Alison Grinter, an attorney representing National Security Agency (NSA) whistleblower Reality Winner, announced at a Monday press conference that the 28-year-old’s legal team is petitioning Donald Trump for an early release from prison. In 2018, A judge sentenced Winner to five years and three months in prison for breaching the espionage act by submitting top-secret NSA documents to the investigative news website The Intercept.
According to The Guardian, Grinter claimed that the legal team submitted 4,500 letters of support to the Department of Justice’s Office of the Pardon Attorney. The documents in question pertain to intelligence related to Russian interference in the 2016 United States presidential elections. Specifically, they reportedly covered the Russian military intelligence’s phishing attacks on local U.S. election officials.
At the conference, Grinter noted the alleged Russian attacks on the U.S. and said that the “national process of healing” can only begin when the country’s “truth tellers” are forgiven, referring to Winner.
The petition calls Winner’s incarceration “costly” and “unnecessary to protect the public,” as well as harming her “health and wellbeing.”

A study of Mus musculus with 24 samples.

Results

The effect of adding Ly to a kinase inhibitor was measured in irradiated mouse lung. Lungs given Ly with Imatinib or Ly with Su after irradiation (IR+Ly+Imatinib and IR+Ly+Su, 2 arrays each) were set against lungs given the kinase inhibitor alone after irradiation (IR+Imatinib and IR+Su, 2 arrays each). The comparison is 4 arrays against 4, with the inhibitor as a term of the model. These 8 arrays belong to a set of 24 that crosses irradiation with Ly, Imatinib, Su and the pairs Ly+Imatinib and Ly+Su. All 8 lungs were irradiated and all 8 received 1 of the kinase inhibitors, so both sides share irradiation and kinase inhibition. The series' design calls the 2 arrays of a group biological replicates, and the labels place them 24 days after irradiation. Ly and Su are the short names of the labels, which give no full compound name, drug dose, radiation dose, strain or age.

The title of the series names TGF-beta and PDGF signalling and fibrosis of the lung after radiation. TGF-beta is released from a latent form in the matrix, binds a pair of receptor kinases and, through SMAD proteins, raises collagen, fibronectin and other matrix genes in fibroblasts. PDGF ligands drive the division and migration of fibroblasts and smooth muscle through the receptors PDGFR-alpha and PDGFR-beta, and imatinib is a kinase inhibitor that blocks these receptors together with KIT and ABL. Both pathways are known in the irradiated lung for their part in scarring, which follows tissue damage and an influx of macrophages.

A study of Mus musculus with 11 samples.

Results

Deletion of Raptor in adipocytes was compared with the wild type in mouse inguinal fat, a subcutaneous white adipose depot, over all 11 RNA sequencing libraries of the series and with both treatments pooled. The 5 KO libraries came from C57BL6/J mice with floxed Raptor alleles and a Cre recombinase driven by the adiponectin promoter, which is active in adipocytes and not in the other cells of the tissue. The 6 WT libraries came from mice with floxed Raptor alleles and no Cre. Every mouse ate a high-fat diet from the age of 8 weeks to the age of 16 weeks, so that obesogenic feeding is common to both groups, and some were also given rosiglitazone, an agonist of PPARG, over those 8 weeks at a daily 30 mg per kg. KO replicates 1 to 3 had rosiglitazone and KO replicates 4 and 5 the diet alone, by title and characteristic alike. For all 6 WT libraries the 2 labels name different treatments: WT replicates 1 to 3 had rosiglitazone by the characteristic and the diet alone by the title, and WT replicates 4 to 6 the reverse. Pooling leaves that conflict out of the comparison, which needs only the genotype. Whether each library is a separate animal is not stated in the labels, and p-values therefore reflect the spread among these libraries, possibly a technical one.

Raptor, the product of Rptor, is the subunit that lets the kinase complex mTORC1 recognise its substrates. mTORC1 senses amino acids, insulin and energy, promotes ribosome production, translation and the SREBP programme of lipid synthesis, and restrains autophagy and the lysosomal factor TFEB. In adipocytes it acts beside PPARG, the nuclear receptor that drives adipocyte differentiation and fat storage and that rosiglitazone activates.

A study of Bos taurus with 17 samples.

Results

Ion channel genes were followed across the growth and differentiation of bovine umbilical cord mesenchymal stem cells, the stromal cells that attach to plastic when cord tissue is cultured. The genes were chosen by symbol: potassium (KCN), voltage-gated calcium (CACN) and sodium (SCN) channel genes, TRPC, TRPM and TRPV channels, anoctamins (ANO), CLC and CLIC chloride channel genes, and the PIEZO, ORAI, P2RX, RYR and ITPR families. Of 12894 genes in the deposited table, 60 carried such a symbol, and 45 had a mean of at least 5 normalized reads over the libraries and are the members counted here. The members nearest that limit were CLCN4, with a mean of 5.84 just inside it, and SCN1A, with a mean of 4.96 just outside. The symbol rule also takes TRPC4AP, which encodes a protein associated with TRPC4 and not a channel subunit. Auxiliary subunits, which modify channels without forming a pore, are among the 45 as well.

Former NSA analyst Jon Ivy said that Winner was highly respected her colleagues, who he claims praised her and viewed her as one of the agency’s top analysts.
Trump previously commented on Winner’s sentencing back in 2018 and suggested that her crimes were not as severe as those allegedly committed by Hillary Clinton.
Ex-NSA contractor to spend 63 months in jail over “classified” information. Gee, this is “small potatoes” compared to what Hillary Clinton did! So unfair Jeff, Double Standard.— Donald J. Trump (@realDonaldTrump) August 24, 2018
During a 2018 interview, Winner spoke with CBS about Trump’s comment and said she was grateful to the president.
“I don’t like to assume anything as to what’s going on in his head, but the ‘small potatoes’ was a breath of fresh air. It really made me laugh. It reminded me of me and my own family. We try to make a joke out of everything. We laugh every single day no matter how bad things get, and he really gave a whole sense of humor to the thing ’cause it is quite bizarre.”
Despite Trump’s comment, The Intercept previously reported that his administration is weaponizing the surveillance state against whistleblowers. According to the journalist Lee Fang, the Trump administration is using laws such as the 1917 Espionage Act — intended to target spies — to take aim at regular government workers via surveillance technology.
“It is blind to the difference between whistle-blowers and spies,” said Jameel Jaffer, head of the Knight First Amendment Institute.
Per The Intercept, the Trump era has presided over four cases in which whistleblowers have been charged using the Espionage Act, and the accused were allegedly not allowed to defend themselves.